Back in August 2011. I wrote about my preference for real books over the emerging electronic version. In that post I noted that Amazon had famously deleted copies of Orwell’s 1984 and Animal Farm purchased by some customers. It now appears that Amazon has gone even further and deleted the entire contents of a Norwegian customer’s kindle. In Cory Doctorow’s post he points out that:
Reading without surveillance, publishing without after-the-fact censorship, owning books without having to account for your ongoing use of them: these are rights that are older than copyright. They predate publishing. They are fundamentals that every bookseller, every publisher, every distributor, every reader, should desire. They are foundational to a free press and to a free society.
Now I’d be pretty angry if someone sold me a book, but later stole that book back on the grounds that I had somehow infringed some sales condition buried in a contract I had implicitly (and forcedly) entered into by the act of purchase. But I would be absolutely livid if, in the act of stealing back “their” book, they also removed the rest of my library. Amazon, however, seems to find this acceptable.
Doctorow went on to say that encrypting storage on mobile devices was much preferable to the option of remote deletion in case of loss. I agree. Unfortunately I also agree with his view that users will have difficulty with password protected encrypted filesystems, and I am completely with him when he says:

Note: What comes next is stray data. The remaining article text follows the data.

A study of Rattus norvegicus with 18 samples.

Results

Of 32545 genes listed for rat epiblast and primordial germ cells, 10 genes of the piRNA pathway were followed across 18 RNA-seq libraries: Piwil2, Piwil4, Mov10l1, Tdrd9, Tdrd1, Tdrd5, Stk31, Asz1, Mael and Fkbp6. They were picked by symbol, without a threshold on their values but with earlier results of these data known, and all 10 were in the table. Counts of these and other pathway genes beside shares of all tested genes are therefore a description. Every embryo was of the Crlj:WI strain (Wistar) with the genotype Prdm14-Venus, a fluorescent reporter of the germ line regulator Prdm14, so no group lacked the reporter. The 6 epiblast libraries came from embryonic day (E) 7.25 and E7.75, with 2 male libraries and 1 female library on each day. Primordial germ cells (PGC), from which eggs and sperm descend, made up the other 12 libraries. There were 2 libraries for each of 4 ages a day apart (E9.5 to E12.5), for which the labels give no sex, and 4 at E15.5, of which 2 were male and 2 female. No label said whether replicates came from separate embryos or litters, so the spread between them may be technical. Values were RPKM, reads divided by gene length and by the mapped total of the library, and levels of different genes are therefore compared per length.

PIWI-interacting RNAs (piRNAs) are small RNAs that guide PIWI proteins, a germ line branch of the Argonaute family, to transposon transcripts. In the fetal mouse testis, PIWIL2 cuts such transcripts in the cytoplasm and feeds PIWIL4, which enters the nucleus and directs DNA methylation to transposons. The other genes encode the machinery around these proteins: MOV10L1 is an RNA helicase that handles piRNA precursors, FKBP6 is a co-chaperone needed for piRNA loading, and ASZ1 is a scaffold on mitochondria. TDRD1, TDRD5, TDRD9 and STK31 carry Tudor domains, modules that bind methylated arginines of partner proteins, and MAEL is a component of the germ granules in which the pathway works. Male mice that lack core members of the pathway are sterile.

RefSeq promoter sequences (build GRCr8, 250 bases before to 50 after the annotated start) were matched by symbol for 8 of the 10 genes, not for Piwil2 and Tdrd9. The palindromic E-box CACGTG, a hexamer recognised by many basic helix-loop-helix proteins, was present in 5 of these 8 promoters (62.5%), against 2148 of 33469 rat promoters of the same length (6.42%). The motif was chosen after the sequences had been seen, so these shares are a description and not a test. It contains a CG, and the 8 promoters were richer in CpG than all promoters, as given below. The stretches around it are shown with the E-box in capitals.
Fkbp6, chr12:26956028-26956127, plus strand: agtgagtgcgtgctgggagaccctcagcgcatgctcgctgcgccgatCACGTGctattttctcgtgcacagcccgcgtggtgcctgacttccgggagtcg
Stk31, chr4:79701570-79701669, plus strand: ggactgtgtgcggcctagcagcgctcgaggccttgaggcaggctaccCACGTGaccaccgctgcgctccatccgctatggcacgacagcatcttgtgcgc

If it’s a choice between paving the way for tyranny and risking the loss of your digital life at the press of a button by some deceived customer service rep, and having to remember a password, I think the password is the way to go. The former works better, but the latter fails better.
My own kindle only has the DRM free content I originally uploaded (over a USB connection) after my wife bought it for me. And the wifi is resolutely turned off. But I don’t know why I bothered, because I still haven’t used it, despite taking it on holiday. And now, like Adrian Short, I never will.